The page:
High prevalence of hospital malnutrition associated with poor clinical outcomes

Hospital malnutrition is documented in many observational studies from the United States, Europe, and Latin America. A recently published literature review found that malnutrition is highly prevalent across different hospital patient groups in 11 countries in Asia. More than 60 % of the studies included in the analysis found that at least 40 % of the patients were malnourished. The review also revealed that malnutrition is frequently linked to poor clinical outcomes and increased healthcare costs – bringing to light a critical unmet patient need within the region.

A significant association between poor nutrition status and an increased risk of clinical complications was also shown. Complications include infections, pressure ulcers, fractures, as well as pulmonary, renal and hepatic complications. Multiple studies found that malnutrition-related complications increased the length of hospital stay and the frequency of readmission. Moreover, malnutrition was linked to an increased risk of mortality. This is evident from 27 out of 28 studies evaluating the relationship between malnutrition and mortality in hospitalized patients.

Malnutrition increases healthcare costs The detrimental effect of poor nutrition status on patient outcomes might take its toll on the health economic system of Asian countries. Two of the reviewed studies investigated the economic consequences of malnutrition, both found a clear association between hospital malnutrition and increased hospitalization costs.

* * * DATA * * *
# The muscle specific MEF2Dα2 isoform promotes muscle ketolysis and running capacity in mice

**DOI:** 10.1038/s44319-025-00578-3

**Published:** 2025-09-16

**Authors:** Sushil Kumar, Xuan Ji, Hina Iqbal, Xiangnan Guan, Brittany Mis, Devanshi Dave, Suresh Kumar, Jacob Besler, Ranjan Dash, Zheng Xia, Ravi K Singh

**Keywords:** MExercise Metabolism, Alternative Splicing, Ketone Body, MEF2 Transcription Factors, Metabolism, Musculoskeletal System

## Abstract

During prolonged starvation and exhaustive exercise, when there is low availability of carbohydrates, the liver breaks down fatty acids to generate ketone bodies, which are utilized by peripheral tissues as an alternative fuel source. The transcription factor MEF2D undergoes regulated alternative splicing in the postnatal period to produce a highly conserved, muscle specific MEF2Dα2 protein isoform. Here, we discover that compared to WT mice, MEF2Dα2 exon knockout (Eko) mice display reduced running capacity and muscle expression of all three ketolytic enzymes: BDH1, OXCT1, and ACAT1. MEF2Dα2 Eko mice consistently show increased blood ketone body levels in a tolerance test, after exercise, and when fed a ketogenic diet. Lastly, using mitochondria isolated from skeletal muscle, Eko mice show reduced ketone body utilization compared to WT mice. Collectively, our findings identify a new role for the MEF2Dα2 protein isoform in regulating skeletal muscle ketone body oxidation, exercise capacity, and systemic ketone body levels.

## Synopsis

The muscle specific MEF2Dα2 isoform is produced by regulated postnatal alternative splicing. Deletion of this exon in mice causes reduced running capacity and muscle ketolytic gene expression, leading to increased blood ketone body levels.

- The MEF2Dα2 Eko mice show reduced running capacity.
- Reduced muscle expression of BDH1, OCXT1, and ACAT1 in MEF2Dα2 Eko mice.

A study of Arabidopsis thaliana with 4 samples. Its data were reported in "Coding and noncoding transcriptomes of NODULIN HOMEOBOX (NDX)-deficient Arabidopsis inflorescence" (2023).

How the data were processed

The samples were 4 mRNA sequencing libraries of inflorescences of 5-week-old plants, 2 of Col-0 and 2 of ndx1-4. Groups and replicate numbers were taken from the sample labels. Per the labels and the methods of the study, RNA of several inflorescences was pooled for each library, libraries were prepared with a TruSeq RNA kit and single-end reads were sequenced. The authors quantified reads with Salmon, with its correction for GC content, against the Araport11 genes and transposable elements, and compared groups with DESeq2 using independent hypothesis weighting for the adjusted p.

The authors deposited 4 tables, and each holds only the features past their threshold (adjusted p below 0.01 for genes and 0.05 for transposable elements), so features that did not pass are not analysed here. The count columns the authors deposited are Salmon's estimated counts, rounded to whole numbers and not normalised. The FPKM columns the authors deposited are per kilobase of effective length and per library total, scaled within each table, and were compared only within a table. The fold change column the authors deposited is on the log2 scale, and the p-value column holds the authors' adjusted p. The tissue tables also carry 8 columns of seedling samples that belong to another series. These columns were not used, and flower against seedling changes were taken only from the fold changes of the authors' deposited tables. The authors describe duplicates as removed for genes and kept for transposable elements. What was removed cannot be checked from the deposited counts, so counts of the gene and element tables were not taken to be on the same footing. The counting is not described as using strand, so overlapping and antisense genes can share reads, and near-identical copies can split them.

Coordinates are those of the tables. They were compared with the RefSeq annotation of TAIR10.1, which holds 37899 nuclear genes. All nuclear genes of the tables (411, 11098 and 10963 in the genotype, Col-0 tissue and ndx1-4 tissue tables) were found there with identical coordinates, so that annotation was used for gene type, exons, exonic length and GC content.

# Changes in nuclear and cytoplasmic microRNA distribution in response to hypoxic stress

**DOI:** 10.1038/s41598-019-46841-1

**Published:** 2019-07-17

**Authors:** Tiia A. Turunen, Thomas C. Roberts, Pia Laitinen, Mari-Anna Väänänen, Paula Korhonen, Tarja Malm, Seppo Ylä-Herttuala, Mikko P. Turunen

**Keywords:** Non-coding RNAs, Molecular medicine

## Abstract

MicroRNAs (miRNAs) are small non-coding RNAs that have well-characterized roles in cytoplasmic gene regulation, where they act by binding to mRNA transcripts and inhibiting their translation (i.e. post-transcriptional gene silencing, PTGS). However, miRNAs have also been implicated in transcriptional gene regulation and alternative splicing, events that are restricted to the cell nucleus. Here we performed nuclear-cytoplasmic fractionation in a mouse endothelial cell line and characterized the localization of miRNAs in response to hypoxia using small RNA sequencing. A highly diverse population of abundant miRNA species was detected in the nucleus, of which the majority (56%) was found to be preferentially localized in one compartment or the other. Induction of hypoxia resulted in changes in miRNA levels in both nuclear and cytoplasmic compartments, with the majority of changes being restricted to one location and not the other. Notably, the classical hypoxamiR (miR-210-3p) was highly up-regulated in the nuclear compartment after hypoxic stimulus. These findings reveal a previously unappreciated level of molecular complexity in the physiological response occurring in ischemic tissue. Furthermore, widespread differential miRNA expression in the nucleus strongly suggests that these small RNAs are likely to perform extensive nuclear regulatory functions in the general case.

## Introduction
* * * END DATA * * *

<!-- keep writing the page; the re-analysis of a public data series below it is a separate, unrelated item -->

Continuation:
Medical experts of the review emphasize the need for further research aiming at optimizing nutritional screening and management to fight malnutrition and its clinical and economic consequences in Asia.

About the literature review The review is based on a systematic search for articles on hospital malnutrition in Asia published between January 1997 and January 2018. Articles reporting data on the prevalence, clinical consequences, or economic costs of hospital malnutrition in an adult inpatient population with a sample size ≥30 were included in the analysis. Based on these criteria, the review analyzed a total of 92 studies with 62,280 patients in 11 Asian countries.

About ‘United for clinical nutrition’ Launched in 2015 by Fresenius Kabi, ‘United for clinical nutrition’ aims to overcome hospital malnutrition around the world. This multinational initiative seeks to reduce the prevalence of hospital malnutrition through regional data collection and clinical assessment, educational events and materials, and nutritional therapy support tools for healthcare professionals. In 2018, the initiative expanded in Asia with a special focus on surgical patients in India, Indonesia, Philippines, South Korea, Taiwan, Thailand, and Vietnam.

(This story has been published from a wire agency feed without modifications to the text.)